After 35 years of reliable operation, the Kohler engine in my John Deere 316 was beginning to burn a little bit of oil. About a quart every 3 or 4 hours. So, I decided to overhaul it and bought a kit which included a new piston, connecting rod, and valves. Step one was disassembling and cleaning the parts. The engine was much dirtier on the outside than on the inside.
I stripped everything out except the main bearings. Since most of the bolts were oil covered and a little loose when I removed them, I cleaned every bolt and their corresponding holes.
How do you remove the cam? The cam rides on a shaft that is about 1/4" diameter. It goes in the black hole to the right of the crankshaft hole in this picture. Drive the shaft out from this side with a soft punch.
This is a solidly built engine, and weighs somewhere around 90 pounds when assembled. Once disassembled, the bare block was easy to pick up and turn over to clean. Surprisingly, every internal part measured equal to new specifications. With the exception of the piston and rings, there was no measurable wear on the crank, camshaft, cylinder bore, and valve lifters. This was good news in that it was not necessary to bore the engine and use an over-sized piston.
The camshaft shaft will come out of this hole. You should not have to hit the other end of the shaft very hard.
This engine does not have the balance gears present in some versions, and from what I've read, generally discarded by engine overhaulers.
I decided to replace the governor gear, even though like everything else, there was no wear visible. However, the gear is plastic, and I once had an 18 HP Briggs & Stratton self-destruct because it's plastic oil splashing gear failed. Since a governor failure could result in a destructive overspeed, I felt it was a good idea to change it.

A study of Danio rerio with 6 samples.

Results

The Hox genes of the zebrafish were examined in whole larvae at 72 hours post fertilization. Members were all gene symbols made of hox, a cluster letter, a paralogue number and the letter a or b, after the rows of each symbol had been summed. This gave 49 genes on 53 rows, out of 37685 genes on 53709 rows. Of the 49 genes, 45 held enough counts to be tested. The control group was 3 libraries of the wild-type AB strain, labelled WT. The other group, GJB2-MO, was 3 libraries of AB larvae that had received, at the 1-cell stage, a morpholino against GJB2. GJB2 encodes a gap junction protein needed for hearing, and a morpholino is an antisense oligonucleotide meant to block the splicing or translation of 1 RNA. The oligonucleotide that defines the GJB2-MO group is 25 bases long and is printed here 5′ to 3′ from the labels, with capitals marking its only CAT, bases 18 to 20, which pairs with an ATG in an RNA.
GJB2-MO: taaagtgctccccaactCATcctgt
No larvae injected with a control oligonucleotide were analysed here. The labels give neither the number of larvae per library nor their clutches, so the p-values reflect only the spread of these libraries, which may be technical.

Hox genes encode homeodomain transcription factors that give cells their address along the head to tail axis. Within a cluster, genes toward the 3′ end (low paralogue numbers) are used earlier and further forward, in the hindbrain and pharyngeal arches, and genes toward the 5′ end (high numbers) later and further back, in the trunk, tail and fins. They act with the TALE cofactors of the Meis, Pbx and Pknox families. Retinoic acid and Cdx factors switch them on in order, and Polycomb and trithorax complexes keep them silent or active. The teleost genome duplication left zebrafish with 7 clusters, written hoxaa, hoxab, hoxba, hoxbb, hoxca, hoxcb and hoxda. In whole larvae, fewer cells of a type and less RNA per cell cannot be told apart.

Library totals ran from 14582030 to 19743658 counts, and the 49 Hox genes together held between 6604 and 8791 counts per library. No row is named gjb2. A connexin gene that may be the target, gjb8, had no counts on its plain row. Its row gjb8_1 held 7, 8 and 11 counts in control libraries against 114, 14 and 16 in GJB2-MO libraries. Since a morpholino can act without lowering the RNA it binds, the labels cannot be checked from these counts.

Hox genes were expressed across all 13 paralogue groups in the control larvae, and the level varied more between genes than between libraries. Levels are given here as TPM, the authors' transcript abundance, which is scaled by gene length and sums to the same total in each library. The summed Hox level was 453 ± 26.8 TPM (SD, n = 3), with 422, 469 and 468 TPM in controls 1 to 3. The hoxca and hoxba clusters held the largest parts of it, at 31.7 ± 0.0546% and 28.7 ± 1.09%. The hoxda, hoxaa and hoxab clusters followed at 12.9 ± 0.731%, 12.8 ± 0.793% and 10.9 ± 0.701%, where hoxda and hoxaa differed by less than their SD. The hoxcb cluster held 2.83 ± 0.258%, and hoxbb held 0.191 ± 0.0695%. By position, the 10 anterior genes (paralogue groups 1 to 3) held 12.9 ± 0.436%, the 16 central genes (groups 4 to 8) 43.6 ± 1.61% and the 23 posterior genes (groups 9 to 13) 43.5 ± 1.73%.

However, that greatly complicated the rebuild, since I had to remove the camshaft to access it. As you can see in the picture on the left, it is located deep inside the engine, above the camshaft. Removing the camshaft requires removing the bearing plate, along with the crankshaft.
oil pan was one of the easier parts to clean.
The front main bearing. these massive ball bearings were in great shape.
Finally, the fun part. Reassembly. Here is the camshaft installed, and note how the governor gear is not even visible anymore.
The timing marks are hard to see. Here is a view through the fuel pump opening. The tiny dot on the cam gear lines up with the line cast into the crankshaft.
These pictures were taken with my iPad, which has an impressive ability to selectively focus exactly where you want it to. The iPad was also useful for reading the rebuild manual.
The alternator coil and bearing plate. Once again, this engine was very tight, and I had to use all three paper spacers to get proper clearance between the sides of the bearings and the crank.
The book specifies 35 ft-lb for the bolts holding the side plate, so I torqued them to 35, and one of the bolts snapped, while I could feel another stretching. Fortunately, I was able to remove the broken bolt without difficulty. However, I was bugged by this, for I then realized that the soft bolts used were only good for around 24 ft-lb.
The head had a huge amount of carbon, but I don't believe it was ever removed for cleaning.
It polished up nicely.
The new piston and valves.
The engine started right up, and ran well. It has 6 hours on it now, and appears to be breaking in properly.
The entire job took about 24 hours from first removing the hood of the tractor, to reinstalling it.
The original connecting rod. It was good enough to re-use, but a new one came with the rebuild kit.
The original valves. Some erosion can be seen on the exhaust valve stem, but otherwise they were in good condition.